University Libraries

Collections of Distinction

What are Collections of Distinction?

In anticipation of the Google Digitization Project, a select few collections from the University of Minnesota Libraries were identified by our librarians as Collections of Distinction. The selected collections are unique and/or comprehensive in their subject areas, and were therefore given priority for scanning and digital preservation for the long term. The Natural Resources Library (NRL) is home to two of these Collections of Distinction: Forestry and Entomology (including Apiculture [beekeeping]). See below for more details about these collections. For more information on the Google project, please see the Library webpage Google Digitization Project.

Natural Resources Library: Forestry Collection of Distinction

The former Forestry Library, now incorporated into the NRL, was designated a “Center of Excellence” by the National Agriculture Library (NAL) in 1995, which is a testimony to the breadth and depth of forestry collections*. The Forestry Collection of Distinction at the NRL was selected due to the special and unique focus on government information, international forestry, urban forestry, forest products, pulp and paper, social dimensions of forestry (including forestry economics), tropical forestry, and trail literature. It also includes a large rare books collection on the topic of forestry, with many 19th and early 20th Century monographs and a variety of local, state, regional, national, and international serials.

The NRL has one of the strongest collections of current and historical U.S. Forest Service (USFS) publications anywhere, a nearly comprehensive collection. The Forest Service is a prolific publisher, and has many serial reports as well as miscellaneous publications associated with each of the ten USFS research stations. The research, technical transfer, and other activities in USFS are very wide ranging. Forestry economics, social dimensions of forestry, forest resource inventories, forest law, environmental impacts, investment and finance, forest history, public lands, timber supply and harvesting, engineering, management, labor, forest entomology and wildlife, tree and plant physiology and pathology, and wood utilization and paper products are only a few of the subjects covered by USFS.

Much of the collection is indexed in one of the four Forestry Databases (Social Sciences in Forestry, Urban Forestry, Tropical Forest Conservation & Development, and Trail Planning, Construction & Maintenance), which are widely known and freely available via the Web.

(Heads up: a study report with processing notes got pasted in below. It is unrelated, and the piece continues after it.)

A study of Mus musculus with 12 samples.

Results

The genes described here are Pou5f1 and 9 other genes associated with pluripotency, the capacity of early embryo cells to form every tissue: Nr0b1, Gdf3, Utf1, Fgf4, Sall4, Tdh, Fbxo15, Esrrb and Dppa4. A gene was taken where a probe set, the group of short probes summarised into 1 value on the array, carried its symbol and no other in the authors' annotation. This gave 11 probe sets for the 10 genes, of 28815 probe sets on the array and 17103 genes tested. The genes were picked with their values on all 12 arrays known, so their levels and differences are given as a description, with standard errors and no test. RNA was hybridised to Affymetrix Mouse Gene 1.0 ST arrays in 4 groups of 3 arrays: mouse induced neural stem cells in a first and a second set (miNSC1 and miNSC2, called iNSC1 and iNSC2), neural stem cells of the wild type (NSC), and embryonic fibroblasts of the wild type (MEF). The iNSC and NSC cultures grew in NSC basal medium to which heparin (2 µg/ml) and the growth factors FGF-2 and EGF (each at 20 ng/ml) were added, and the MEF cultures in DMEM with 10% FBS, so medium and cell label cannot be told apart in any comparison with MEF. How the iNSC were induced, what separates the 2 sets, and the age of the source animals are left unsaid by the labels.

And finally, it should be noted that the NRL has strong representation of international forestry literature in many languages – specific uniquely strong collections include those focused on Canadian, German, Latvian, Korean, Chinese, Australian, and Russian forestry in native languages.

Natural Resources Library: Entomology Collection of Distinction

The Entomology Collection of Distinction housed at the NRL includes over 6,000 volumes and 260 periodical titles, as well as over 700 rare books. The collection was incorporated from the former Entomology, Fisheries & Wildlife (EFW) Library. The original EFW Library collections came from Otto Lugger, the first entomologist for the Minnesota Agricultural Experiment Station, and Father Francis Jager, a renowned beekeeping expert and faculty member whose bee collection (660 books) came to the library in 1930.

A subset of the Entomology Collection of Distinction is the Bees and Beekeeping (Apiculture) Collection. It consists of a total of over 1,100 volumes, including the 660 volumes from Father Francis Jager. The Bees and Beekeeping Collection contains at least 300 rare books, plus approximately 60 periodical titles.

Many of the rare books mentioned above came from the Jager and Lugger collections. Notable works include the earliest English language work on entomology, Thomas Moffett's Insectorum, London, 1634. The oldest imprint in the collection is Ulisse Aldrovandi's De Animalibus Insectis Libri Septem..., Bologna, 1602. Much of the older entomological literature is German, although the subject coverage is worldwide and includes resources in many languages representing not only North America and Western Europe, but also Eastern Europe, Southeast and East Asia, and South America.

A small complementary component of rare and valuable pre-WWII entomology books and serials can be found at another University of Minnesota Library, The Wangensteen Historical Library of Biology and Medicine.

*U.S. Department of Agriculture, National Agricultural Library. 1996. National Agricultural Library
Annual Report for 1995. Beltsville, MD.